HAZOP Practices to Avoid - Use of Super Nodes

PT Notes is a series of topical technical notes on process safety provided periodically by Primatech for your benefit. Please feel free to provide feedback.

This PT Note is the second in a series to help you ensure your HAZOP studies follow best practices. Poorly conducted studies result in omitting hazard scenarios which may cost people’s lives and result in catastrophic property damage. It exposes companies to regulatory and legal liabilities that can cost millions of dollars.

HAZOP practitioners divide processes into nodes to focus studies and make them manageable. Generally, nodes are defined as pipe sections and vessels in which process chemicals are, or may be, present. This is known as “line-by-line” noding. However, some practitioners use combinations of lines and major vessels as nodes (called “super nodes”). Use of super nodes poses problems.

Super nodes are used in the belief that their use will speed up studies. However, it also complicates the analysis. While it provides a bigger picture of the process, which assists in identifying scenarios that involve multiple lines and/or vessels, it does so at the expense of missing scenarios because the complexity of the analysis interferes with scenario identification. If nodes with different intents are combined into a single node, practitioners face difficulties when developing deviations. Many deviations must be considered and multiple similar deviations are possible within the same node, for example, there will be multiple instances of the same deviation if there are different operating temperatures or different process materials in various parts of the super node. This is confusing for HAZOP teams making it more difficult to identify scenarios, increasing the chance that scenarios will be missed, and causing the team to become mired in the analysis. Also, if carried out to its limit, which is unlikely given the complexities faced by the team, it equates to the line-by-line approach which begs the question of why super nodes should be used at all. Line-by-line noding is the better approach, particularly when augmented with one or more global nodes to provide the big picture view of a process.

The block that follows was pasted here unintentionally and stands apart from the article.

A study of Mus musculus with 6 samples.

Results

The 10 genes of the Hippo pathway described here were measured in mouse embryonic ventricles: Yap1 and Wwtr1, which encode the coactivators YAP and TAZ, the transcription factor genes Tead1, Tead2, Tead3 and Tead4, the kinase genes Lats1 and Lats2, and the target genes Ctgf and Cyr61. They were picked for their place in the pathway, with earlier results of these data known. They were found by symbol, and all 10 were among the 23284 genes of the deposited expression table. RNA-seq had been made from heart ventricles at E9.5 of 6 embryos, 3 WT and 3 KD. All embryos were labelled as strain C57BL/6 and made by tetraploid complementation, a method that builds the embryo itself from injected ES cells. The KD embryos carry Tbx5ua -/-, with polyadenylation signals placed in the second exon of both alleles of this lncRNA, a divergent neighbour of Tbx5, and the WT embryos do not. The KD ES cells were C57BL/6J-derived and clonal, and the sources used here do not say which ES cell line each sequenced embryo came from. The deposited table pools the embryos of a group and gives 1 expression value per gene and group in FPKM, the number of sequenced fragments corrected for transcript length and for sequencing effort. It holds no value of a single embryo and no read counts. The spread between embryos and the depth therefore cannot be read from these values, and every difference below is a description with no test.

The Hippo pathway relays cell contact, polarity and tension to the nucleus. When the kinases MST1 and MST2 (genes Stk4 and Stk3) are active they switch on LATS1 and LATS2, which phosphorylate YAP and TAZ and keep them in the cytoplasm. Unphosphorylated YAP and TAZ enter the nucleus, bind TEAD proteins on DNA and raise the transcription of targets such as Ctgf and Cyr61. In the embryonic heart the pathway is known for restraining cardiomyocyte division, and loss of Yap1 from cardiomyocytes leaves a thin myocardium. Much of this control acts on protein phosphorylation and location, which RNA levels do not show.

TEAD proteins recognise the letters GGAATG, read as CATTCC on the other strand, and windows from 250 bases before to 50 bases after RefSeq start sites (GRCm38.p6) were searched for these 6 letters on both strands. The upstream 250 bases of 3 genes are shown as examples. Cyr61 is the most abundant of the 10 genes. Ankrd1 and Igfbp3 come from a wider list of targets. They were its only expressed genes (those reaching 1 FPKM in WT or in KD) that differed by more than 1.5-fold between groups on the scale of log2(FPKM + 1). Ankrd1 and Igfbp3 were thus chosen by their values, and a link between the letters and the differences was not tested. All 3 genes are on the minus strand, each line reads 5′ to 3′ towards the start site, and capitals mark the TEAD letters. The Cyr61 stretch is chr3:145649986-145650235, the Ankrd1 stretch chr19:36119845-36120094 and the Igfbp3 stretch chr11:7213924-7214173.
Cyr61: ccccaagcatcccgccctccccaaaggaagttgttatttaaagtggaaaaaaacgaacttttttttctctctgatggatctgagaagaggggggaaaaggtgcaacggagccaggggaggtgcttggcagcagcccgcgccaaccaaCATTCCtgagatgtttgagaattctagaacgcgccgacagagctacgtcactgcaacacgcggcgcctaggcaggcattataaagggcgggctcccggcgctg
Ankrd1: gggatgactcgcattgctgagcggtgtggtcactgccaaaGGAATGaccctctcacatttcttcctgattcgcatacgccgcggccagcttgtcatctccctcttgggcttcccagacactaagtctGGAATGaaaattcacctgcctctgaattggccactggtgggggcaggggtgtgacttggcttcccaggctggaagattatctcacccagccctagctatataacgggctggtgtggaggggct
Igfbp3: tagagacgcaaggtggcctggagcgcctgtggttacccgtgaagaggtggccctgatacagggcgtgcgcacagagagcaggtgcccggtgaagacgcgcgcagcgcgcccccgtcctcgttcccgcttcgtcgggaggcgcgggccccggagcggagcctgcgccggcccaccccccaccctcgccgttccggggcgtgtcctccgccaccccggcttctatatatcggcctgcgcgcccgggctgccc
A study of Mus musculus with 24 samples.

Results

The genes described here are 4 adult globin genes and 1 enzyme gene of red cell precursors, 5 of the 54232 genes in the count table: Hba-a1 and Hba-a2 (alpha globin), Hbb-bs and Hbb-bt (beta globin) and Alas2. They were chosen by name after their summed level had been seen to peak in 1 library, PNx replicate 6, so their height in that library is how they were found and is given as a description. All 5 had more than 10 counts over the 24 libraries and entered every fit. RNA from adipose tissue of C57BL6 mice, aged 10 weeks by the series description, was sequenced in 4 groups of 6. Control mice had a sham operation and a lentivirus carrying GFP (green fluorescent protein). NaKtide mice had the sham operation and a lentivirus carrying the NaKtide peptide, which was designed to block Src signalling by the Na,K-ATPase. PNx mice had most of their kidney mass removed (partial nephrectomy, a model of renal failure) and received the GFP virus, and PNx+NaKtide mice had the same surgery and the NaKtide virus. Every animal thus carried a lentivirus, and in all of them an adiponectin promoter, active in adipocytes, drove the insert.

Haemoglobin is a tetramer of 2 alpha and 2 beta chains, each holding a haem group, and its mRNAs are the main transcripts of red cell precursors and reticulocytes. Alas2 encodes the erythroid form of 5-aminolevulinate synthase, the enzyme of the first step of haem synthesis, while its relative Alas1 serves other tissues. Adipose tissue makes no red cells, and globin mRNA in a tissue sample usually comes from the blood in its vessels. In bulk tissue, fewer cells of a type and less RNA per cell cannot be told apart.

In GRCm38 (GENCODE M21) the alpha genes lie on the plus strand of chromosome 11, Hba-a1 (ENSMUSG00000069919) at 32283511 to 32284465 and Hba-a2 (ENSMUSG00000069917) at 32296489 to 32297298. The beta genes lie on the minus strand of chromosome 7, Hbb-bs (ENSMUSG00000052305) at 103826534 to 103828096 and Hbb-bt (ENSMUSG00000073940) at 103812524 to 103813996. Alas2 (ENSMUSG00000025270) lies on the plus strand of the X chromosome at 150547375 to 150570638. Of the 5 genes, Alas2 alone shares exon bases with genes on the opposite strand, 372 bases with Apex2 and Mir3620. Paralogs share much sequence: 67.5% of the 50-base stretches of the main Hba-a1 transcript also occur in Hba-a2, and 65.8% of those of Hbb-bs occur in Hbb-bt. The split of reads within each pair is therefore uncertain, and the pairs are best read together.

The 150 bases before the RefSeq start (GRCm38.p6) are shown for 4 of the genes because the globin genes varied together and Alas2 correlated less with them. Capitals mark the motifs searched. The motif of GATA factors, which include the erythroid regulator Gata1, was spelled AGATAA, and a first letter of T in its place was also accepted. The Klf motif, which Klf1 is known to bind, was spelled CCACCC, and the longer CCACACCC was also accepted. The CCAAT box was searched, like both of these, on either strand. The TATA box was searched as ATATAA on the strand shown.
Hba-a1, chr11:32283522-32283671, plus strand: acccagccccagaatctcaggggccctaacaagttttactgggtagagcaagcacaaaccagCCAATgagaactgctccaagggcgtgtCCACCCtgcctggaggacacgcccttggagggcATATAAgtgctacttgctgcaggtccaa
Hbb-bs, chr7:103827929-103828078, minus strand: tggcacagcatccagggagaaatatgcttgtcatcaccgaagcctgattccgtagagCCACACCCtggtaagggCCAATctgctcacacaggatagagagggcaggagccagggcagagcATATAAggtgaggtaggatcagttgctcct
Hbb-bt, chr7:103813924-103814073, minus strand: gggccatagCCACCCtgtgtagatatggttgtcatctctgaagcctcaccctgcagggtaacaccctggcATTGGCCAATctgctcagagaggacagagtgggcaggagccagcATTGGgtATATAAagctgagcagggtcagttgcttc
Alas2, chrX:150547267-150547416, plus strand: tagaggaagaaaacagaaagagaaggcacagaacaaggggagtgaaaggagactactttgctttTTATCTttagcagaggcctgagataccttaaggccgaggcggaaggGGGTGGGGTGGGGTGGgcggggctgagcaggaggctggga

One exception to this best practice is in early design-stage HAZOP studies which may use super nodes when details of the design are not known and line-by-line noding is not feasible.

The key criterion for noding processes is that the design intent throughout a node should be more or less the same, normal variations excepted, e.g. temperature gradients. A new node should start whenever the design intent changes significantly, e.g. at specification breaks.

When multiple nodes have similar design intents, studies become repetitive. Consequently, lines or vessels with similar design intent can be represented by a single node to avoid repetition of hazard scenarios, e.g. parallel lines or a bank of heat exchangers. This is not the same as using super nodes. When using representative nodes, HAZOP practitioners must recognize that they are actually physically distinct lines or vessels; otherwise some hazard scenarios may not be identified, e.g. the simultaneous failure of identical but parallel lines due to a common cause. Also, scenario frequencies must be adjusted to accommodate the number of times the same scenario occurs in multiple lines or vessels.

The goal in noding a process for a HAZOP study is to choose the optimal number of nodes so that scenarios can be identified as completely as possible, the study can be performed within a reasonable amount of time, and the work of the team is as simple as possible. Line-by-line noding is the best way to accomplish these goals.